Children's author Rick Walton has started a blog titled Why Read Aloud? He's collecting stories about reading aloud and being read aloud to. He says, "we will figure out a way to get your stories to the administrators and teachers who need to hear them. Your story of how being read to made your life better might motivate a teacher to read to her kids and make their lives better."
Why read aloud? Because you never know if the book you choose to read aloud will become a landmark book for a student who, ten years later, will still quote from the book and count the copy you gave her as one of her most prized possessions. (Fig Pudding, by Ralph Fletcher)
Why read aloud? For the joy of sharing the hot new book you bought in a bookstore in London before it was released in the U.S.. (Matilda, by Roald Dahl)
Why read aloud? Because you could guess how rich the conversations would be, but you never could have predicted that some of your students would cry with you. (Walk Two Moons, by Sharon Creech)
Why read aloud? Because the torture of the first half of the book is SO worth the action and adventure of the second half. (The True Confessions of Charlotte Doyle, by Avi)
Why read aloud? For the sheer joy of the language and the pace of the story. (Emily's Fortune, by Phyllis Reynolds Naylor)
Why read aloud? Here's why:
"It is read-aloud time. The classroom is absolutely silent except for my voice and the muffled sounds of children playing on the playground that come in along with the puffs of fresh air through the open window. Some student sit with their chins propped up in a cupped hand; others lay their heads on their desks. Every student is relaxed yet alert. There is tension in the air, a simultaneous yearning for closure and for continuation. Some watch me. Others stare into space. Because they are each intently visualizing the story in their own way, the eyes of all of the students seem slightly out of focus.
My eyes are the eyes of all twenty-six students as I read the book. My voice paints the story on the canvas of twenty-six imaginations. The story can pause for a question, a comment, or a short discussion to clarify or extend meaning without the spell being broken. Even when the book is closed at the end of a chapter or the end of the book, and the room erupts into cries for more or sighs of satisfaction, the magic of read-aloud is not gone. An individual connection has been forged between me and each student via the book. Just like a parent at the edge of the bed or with the child in my lap, my voice has personally delivered the story directly to each pair of ears and each imagination. The book also creates a collective connection, bonding me and all the student together as one through the common experience of having met the same characters, gone on the same journeys, and suffered the same losses and triumphs.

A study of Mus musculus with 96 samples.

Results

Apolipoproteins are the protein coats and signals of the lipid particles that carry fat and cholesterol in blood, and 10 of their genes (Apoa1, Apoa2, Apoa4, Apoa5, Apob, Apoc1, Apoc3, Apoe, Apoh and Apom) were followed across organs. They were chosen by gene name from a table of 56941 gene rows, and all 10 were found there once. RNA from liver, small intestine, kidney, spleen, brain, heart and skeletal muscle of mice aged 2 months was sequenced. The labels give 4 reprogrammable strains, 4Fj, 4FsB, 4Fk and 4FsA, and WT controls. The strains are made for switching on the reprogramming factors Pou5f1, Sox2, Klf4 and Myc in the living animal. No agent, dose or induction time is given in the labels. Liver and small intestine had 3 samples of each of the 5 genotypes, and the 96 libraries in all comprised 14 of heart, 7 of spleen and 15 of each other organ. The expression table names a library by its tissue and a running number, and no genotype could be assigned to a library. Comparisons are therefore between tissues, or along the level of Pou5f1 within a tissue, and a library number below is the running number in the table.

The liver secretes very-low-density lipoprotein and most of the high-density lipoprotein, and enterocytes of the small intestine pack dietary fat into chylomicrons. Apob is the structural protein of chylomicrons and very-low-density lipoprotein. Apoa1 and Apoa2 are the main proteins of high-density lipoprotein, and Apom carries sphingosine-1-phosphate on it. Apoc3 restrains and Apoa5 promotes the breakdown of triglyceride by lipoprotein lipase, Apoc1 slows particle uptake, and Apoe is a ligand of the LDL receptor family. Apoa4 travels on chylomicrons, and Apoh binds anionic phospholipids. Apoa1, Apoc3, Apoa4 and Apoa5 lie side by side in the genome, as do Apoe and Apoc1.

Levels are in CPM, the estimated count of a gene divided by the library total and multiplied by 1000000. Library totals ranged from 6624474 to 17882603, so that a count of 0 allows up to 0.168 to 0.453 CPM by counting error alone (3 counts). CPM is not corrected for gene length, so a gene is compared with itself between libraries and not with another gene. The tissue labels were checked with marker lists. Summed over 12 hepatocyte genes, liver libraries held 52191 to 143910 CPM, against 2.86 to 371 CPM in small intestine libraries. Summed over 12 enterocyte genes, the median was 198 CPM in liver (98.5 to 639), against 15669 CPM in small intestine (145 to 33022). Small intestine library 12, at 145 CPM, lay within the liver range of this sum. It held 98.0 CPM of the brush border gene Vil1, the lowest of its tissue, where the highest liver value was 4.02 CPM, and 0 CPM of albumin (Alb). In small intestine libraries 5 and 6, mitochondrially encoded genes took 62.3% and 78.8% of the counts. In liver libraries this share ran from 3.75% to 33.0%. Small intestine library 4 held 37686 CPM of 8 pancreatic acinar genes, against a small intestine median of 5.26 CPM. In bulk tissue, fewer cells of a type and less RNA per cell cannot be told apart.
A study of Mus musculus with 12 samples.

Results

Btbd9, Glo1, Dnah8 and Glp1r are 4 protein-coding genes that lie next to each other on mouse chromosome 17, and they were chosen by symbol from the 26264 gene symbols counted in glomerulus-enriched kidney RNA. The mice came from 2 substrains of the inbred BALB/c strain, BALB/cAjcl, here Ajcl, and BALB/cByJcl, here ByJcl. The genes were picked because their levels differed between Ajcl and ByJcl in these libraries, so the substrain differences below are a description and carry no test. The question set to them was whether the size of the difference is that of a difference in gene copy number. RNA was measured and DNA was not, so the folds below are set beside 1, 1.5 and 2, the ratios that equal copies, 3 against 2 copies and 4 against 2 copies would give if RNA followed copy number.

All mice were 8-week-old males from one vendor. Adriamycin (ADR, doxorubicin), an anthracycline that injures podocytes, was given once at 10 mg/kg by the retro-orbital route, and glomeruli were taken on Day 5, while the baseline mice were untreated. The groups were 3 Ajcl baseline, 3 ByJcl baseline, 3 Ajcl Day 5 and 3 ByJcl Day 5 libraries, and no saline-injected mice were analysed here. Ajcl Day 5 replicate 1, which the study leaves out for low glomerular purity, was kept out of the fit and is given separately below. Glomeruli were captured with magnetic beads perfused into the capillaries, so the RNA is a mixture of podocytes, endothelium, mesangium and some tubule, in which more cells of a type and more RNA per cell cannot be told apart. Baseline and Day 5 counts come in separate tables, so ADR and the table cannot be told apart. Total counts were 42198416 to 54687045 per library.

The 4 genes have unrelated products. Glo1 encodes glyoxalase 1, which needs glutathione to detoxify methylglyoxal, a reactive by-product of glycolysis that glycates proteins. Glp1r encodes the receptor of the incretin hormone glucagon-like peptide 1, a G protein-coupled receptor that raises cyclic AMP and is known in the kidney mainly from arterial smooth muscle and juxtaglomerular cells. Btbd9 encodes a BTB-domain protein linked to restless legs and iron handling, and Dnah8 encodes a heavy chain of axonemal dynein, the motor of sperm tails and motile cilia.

Read-aloud may look like an ordinary event in a typical classroom, but it feels extraordinary when the teacher who is reading is aware of the power of the book and the importance of her role in not only reading to her students, but leading them through the book--using read-aloud as a teaching time. Not only the teacher can feel the difference, but also the students. At the end of one school year when I asked my students to reflect on our read-aloud time, Mathias captured the essence of read-aloud in our classroom when he wrote, 'It is a time when we can learn without trying.' " (Reconsidering Read-Aloud, p. 1-2)
Do you have a story about the power of read aloud, or a favorite book to read aloud to your children? Share it here, then go over and share it with Rick Walton, and then give the child on your lap or the children in your classroom the chance to "learn without trying" as you weave magic with words by reading aloud to them.